Czech President Milos Zeman confirmed on June 24 he will appoint a technocrat to head a caretaker government that will replace the three-party coalition cabinet of Petr Necas who resigned last week after a corruption and spying scandal, CTK news agency reported. According to media reports, a favourite for the post is Zeman’s aide and former finance minister Jiri Runok. Zeman declined to comment on the reports.
Zeman, a leftish former premier who won the country’s first direct presidential elections in January, said he will announce later today (June 25) his nominee for prime minister. Zeman has the sole right to appoint a prime minister.
The current governing coalition comprising Civic Democrats (ODS), TOP 09 and LIDEM want to form a new centre-right government to rule the country until scheduled general elections in mid-2014. ODS nominated lower house speaker Miroslava Nemcova to be country’s first woman prime minister. But the leftish opposition is calling for snap elections. The major opposition party, Social Democrats (CSSD) is tipped to win the next elections as it has been topping opinion polls ever since the last general elections in May 2010. According to the latest poll by ppm factum, CSSD would win 29.3% of the votes if elections were held today, followed by the Communists with a 16.1% backing and TOP 09 with 15%. Support for ODS slipped to a new record-low of 8%.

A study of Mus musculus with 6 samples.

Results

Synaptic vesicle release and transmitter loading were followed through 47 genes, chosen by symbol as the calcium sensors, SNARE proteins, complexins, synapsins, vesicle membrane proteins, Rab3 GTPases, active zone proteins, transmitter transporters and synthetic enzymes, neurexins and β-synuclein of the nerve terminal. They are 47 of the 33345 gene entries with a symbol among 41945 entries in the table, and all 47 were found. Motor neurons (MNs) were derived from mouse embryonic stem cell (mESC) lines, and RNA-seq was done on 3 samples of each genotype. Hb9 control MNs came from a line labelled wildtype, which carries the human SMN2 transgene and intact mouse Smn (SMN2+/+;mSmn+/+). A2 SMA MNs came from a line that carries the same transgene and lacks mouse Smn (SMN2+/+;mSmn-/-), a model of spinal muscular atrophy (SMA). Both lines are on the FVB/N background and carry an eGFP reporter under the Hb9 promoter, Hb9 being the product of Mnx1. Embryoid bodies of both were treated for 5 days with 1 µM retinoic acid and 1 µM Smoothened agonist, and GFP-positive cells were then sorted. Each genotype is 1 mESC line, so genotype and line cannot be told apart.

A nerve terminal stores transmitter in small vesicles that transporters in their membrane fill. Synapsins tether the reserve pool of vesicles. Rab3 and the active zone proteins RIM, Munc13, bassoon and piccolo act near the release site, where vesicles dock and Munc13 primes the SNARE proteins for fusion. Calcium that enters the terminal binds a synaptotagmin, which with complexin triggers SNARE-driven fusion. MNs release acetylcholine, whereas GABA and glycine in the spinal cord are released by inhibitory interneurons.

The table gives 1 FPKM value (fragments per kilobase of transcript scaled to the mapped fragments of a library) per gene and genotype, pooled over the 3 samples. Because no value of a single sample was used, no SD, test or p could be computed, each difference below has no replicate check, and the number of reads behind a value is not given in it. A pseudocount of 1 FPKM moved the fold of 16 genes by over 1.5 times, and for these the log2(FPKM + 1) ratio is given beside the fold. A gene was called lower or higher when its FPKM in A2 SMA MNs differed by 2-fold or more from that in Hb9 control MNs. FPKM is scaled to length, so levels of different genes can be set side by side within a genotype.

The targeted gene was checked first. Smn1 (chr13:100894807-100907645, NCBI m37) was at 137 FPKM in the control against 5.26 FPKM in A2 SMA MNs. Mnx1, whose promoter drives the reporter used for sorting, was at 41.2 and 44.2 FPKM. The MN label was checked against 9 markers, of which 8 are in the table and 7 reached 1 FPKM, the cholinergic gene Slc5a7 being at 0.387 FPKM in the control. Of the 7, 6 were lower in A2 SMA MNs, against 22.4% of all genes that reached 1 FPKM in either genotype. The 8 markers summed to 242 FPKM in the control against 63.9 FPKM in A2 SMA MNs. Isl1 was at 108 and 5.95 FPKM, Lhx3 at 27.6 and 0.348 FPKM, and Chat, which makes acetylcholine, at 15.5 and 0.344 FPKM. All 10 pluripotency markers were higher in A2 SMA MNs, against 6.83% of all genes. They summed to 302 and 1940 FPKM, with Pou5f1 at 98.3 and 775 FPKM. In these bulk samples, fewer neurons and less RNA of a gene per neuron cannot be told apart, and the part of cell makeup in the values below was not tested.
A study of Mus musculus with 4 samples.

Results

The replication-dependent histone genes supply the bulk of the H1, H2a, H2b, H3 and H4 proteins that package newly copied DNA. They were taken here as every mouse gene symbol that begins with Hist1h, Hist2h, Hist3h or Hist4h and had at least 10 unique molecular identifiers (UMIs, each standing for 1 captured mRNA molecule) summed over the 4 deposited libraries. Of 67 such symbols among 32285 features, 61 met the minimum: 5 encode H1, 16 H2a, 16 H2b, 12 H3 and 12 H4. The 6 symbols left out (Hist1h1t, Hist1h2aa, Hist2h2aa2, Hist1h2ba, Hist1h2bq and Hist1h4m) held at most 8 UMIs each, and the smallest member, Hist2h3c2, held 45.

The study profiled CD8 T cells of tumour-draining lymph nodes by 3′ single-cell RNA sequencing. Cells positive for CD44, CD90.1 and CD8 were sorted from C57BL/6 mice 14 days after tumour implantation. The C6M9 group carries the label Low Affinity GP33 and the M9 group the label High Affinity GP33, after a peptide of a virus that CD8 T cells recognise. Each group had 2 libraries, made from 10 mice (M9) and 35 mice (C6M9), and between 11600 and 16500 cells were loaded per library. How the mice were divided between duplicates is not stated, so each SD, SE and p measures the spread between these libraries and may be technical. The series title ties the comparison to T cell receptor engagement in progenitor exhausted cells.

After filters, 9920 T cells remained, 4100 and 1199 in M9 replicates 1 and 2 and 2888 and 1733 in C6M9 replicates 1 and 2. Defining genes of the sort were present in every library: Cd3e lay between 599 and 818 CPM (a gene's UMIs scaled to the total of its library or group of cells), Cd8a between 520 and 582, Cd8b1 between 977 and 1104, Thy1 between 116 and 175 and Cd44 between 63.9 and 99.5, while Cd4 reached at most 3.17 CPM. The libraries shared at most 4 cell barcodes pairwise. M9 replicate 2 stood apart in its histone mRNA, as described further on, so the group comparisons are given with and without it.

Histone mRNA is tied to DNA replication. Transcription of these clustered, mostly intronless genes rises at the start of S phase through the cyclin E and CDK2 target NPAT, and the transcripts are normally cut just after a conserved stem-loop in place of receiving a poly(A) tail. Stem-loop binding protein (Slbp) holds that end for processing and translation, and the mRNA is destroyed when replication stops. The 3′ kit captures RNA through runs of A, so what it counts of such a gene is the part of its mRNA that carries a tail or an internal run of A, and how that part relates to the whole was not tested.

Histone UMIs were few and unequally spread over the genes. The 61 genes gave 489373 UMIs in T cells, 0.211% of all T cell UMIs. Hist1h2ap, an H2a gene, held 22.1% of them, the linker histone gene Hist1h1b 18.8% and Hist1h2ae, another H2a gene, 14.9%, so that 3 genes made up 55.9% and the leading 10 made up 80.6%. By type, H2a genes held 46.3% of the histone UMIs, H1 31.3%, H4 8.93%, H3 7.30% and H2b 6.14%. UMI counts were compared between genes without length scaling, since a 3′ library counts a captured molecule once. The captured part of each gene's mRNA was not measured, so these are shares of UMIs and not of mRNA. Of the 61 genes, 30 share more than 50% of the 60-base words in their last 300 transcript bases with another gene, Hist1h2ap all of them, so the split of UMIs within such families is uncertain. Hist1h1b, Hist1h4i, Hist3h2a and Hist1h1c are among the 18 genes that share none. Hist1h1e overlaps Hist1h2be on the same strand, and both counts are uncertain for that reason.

A technocrat government appointed by Zeman will need to be backed by 120 out of the 200 lower house deputies which seems highly unlikely having in mind that CSSD, the Communists and small Public Affairs said they want to dissolve the parliament and call early elections. Junior government party TOP 09 also hinted it may back such calls. If the parties succeed in securing the needed 120 votes to dissolve the parliament, the caretaker cabinet can rule the country until the snap vote which is to be held within three months after that meaning in September. The main task of the caretaker cabinet will be the approval of next year’s budget which must be submitted to the parliament by end-September.
The current political crisis in the Czech Republic has erupted earlier this month when Necas’ closest aide along with seven others, including former lawmakers and the current and ex heads of military intelligence, were charged with bribery and abuse of power in an unprecedented anti-graft operation. The scandal forced Necas to step down on June 17.